How to Build Watermarks in Lightroom

A watermark is a faint logo or words superimposed on top of an image. The idea of placing a watermark on your photos is to prevent others from trying to copy and use the photo without permission. Although a watermark identifies you as the creator of your photo, it won’t stop someone from swiping it, no matter how big or bold you make it. Additionally, if you cover the entire image with a distracting logo, you compromise the visual impact of the shot.

How to Create a Watermark in Lightroom

To launch the Watermark Editor from any module in Lightroom, go to the top menu and select Lightroom>Edit Watermarks… (Mac), or Edit>Edit Watermarks… (PC).
To create a text-based watermark, find “Watermark Style:” at the top right of the Watermark Editor panel, and activate the “Text” button.


The Text Editor

Type the text for your watermark in the text editor box under the preview window.

The Text Options Panel

  1. Select a Font from the dropdown menu.
  2. Select a Style for the font (Regular, Bold, Italic, etc.). Not every font has multiple styles.
  3. Choose the alignment for your text. This only applies to lines of text, not to the alignment of the watermark in the image.
  4. Choose the color for your font by clicking the small, rectangular color icon.

There are five different icons at the top of the color selector box, which toggle various methods for selecting color. I usually stick with the first icon on the left, the RGB color wheel.


Click anywhere in the wheel to set the font color. The gradient slider beneath the wheel darkens or brightens the available spectrum.

The currently selected color is displayed in a “swatch” at the bottom of the window. Drag that color to one of the smaller swatches on the right to save it for a future watermark.

The neighboring eyedropper samples color directly from the photo. To match a color from your photo, grab the eyedropper and click directly on the desired color in your picture.

  1. Add a drop shadow if desired.

The Watermark Effects Panel

  1. Choose the Opacity of your watermark by moving the Opacity slider. A value of 50 or less is best.
  2. Adjust the size of your watermark. Either activate the “Proportional” button in the “Size;” section of the panel, and adjust the slider below, or click and drag directly on one of the corners of the watermark in the preview window.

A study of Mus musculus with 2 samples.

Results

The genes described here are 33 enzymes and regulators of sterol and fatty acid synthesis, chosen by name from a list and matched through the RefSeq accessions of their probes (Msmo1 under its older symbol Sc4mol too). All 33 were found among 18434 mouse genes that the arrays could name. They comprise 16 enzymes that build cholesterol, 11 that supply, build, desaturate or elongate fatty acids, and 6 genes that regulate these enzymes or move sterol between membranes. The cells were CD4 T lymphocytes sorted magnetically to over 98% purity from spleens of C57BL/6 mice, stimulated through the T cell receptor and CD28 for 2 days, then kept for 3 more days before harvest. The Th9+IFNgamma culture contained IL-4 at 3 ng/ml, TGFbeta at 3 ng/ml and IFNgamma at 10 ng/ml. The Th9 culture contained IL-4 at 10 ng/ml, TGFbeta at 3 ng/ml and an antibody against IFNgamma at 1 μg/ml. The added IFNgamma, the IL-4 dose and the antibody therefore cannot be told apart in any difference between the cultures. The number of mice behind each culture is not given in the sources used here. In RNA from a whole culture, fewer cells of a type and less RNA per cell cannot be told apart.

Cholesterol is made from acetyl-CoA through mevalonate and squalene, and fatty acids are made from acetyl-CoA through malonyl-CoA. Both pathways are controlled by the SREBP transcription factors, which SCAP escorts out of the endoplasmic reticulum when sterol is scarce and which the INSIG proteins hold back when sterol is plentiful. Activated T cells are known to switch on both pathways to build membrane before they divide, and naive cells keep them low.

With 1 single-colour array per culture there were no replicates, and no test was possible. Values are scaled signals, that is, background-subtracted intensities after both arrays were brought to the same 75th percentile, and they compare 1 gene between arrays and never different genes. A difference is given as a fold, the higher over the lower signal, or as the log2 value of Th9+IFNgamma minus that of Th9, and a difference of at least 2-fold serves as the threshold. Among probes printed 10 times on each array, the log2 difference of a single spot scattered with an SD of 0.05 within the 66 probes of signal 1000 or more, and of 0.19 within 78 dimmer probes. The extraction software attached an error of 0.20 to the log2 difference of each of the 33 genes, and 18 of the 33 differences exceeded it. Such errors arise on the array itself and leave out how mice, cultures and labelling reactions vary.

3. Click inside the “Anchor:” icon at the bottom left of the Watermark Effects panel to place your watermark at the top, bottom, center, left or right. The nearby “Rotate:” arrows change the orientation of the watermark.
  4. Adjust the horizontal and vertical “Inset” sliders so that the watermark isn’t mashed up against the edge of the photo.

To watermark using a logo or other graphic, find the “Watermark Style:” area at the top right of the Watermark Editor, and activate the “Graphic” button. Alternatively, click on the “Choose” button in the Image Option section of the Watermark Editor. In the ensuing browser, navigate to the desired PNG or JPG logo image.

The Text Options panel will be grayed out, but all of the tools in the Watermarks Effects panel remain accessible.

Saving Watermark Presets

When your watermark is ready, click the Save button at the bottom of the Watermark Editor. In the New Preset dialog box, give your watermark a name. I usually name the preset something like “Logo LR” to describe the content and location of the watermark.

Exporting with Watermarks

  1. In the Library Module, select the images to export, and click on the Export button or go to File>Export.
  2. Check ON the Watermark checkbox, and either choose an existing preset, or scroll down to the bottom of the preset menu and choose “Edit Watermarks…” to access the Watermark Editor.

Watermarks can be applied to one image at a time, or to multiple images simultaneously, but you can’t select different watermark locations for each individual image in a batch export. Clicking the arrows at the top of the Watermark Editor let you toggle through multiple images to make sure the placement looks right on each one.